WATERLOO REGION — Regional government plans to stop adding fluoride to Waterloo drinking water at noon on Nov. 29.
Fluoride has been added to tap water since 1967, as a public health measure meant to prevent cavities.
Residents voted by a slim margin last month to end the practice, 50.3 per cent to 49.7 per cent. This would bring Waterloo in line with Kitchener and Cambridge, which do not fluoridate tap water. Elmira, St. Jacobs and a small part of Kitchener are also poised to shed fluoride.
Although the referendum against fluoride is not binding, councillors meet Tuesday to consider a proposed bylaw to end fluoridation. It’s based on council’s resolution to respect the majority referendum vote.
If endorsed Tuesday, the bylaw would get final approval Nov. 24, followed by a fluoride shutdown five days later at four water treatment sites. The shutdown is estimated to cost $50,000.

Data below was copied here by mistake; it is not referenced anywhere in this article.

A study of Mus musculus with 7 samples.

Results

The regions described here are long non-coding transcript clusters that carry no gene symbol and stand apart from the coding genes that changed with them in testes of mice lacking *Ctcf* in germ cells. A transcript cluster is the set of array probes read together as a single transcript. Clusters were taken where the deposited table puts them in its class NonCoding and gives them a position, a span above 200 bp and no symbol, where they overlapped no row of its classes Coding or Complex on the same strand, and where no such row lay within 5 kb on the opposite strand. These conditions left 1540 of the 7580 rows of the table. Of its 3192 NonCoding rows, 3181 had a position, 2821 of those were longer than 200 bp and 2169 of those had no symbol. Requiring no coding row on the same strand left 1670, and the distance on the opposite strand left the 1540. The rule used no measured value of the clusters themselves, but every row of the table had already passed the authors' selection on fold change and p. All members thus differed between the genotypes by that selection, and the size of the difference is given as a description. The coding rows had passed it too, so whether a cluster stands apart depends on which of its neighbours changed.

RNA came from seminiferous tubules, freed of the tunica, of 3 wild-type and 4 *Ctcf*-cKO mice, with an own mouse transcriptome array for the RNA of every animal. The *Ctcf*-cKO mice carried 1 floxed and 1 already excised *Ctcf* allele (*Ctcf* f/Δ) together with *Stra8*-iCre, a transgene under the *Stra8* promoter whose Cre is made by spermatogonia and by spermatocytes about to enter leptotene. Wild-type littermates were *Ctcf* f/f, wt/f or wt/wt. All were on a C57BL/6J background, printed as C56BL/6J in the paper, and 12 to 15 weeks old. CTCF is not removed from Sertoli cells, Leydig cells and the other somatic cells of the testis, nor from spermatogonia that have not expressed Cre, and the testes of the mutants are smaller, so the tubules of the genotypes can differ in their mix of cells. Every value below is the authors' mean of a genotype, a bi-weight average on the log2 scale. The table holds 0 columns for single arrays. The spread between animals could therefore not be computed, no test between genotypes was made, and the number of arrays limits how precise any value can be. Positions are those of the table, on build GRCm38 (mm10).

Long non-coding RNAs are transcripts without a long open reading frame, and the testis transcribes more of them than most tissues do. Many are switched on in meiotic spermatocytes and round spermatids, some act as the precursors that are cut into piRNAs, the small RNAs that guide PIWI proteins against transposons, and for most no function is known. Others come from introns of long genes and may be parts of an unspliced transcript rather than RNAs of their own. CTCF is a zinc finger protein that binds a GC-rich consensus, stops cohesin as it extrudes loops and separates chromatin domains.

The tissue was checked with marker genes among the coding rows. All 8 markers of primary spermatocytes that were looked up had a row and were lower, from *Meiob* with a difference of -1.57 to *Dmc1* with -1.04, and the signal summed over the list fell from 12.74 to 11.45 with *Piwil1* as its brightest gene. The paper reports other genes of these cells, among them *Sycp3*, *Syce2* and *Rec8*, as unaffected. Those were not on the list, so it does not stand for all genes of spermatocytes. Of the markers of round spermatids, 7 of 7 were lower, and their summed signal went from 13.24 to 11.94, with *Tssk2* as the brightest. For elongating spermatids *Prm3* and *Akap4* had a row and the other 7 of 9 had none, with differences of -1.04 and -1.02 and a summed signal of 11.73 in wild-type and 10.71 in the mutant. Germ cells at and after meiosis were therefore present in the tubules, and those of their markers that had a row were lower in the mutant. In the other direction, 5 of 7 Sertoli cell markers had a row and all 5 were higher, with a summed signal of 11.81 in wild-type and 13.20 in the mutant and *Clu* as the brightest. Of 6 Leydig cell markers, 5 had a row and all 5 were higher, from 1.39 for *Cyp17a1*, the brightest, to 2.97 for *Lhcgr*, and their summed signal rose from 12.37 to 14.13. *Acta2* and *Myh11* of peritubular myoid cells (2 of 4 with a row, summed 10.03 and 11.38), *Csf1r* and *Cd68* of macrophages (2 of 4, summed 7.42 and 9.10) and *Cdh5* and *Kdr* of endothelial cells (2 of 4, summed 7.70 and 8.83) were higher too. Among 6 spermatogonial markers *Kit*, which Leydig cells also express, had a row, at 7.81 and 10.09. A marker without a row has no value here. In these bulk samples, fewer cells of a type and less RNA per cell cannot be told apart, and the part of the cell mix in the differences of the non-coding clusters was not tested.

Most Ontario tap water is fluoridated. The practice is endorsed by more than 90 health and medical associations.
However, critics dispute assertions that it is safe and effective. They contend the chemical used to fluoridate water is a threat and allege risks including cancer, bone disease and dental damage.
“It’s high time this is turned off,” said Robert Fleming, a Waterloo resident who helped lead the No campaign to end fluoridation.
Dentists warn of a rise in tooth decay in Waterloo. They argue the weight of credible science strongly shows that adding fluoride strengthens tooth enamel with no known risks, at recommended levels.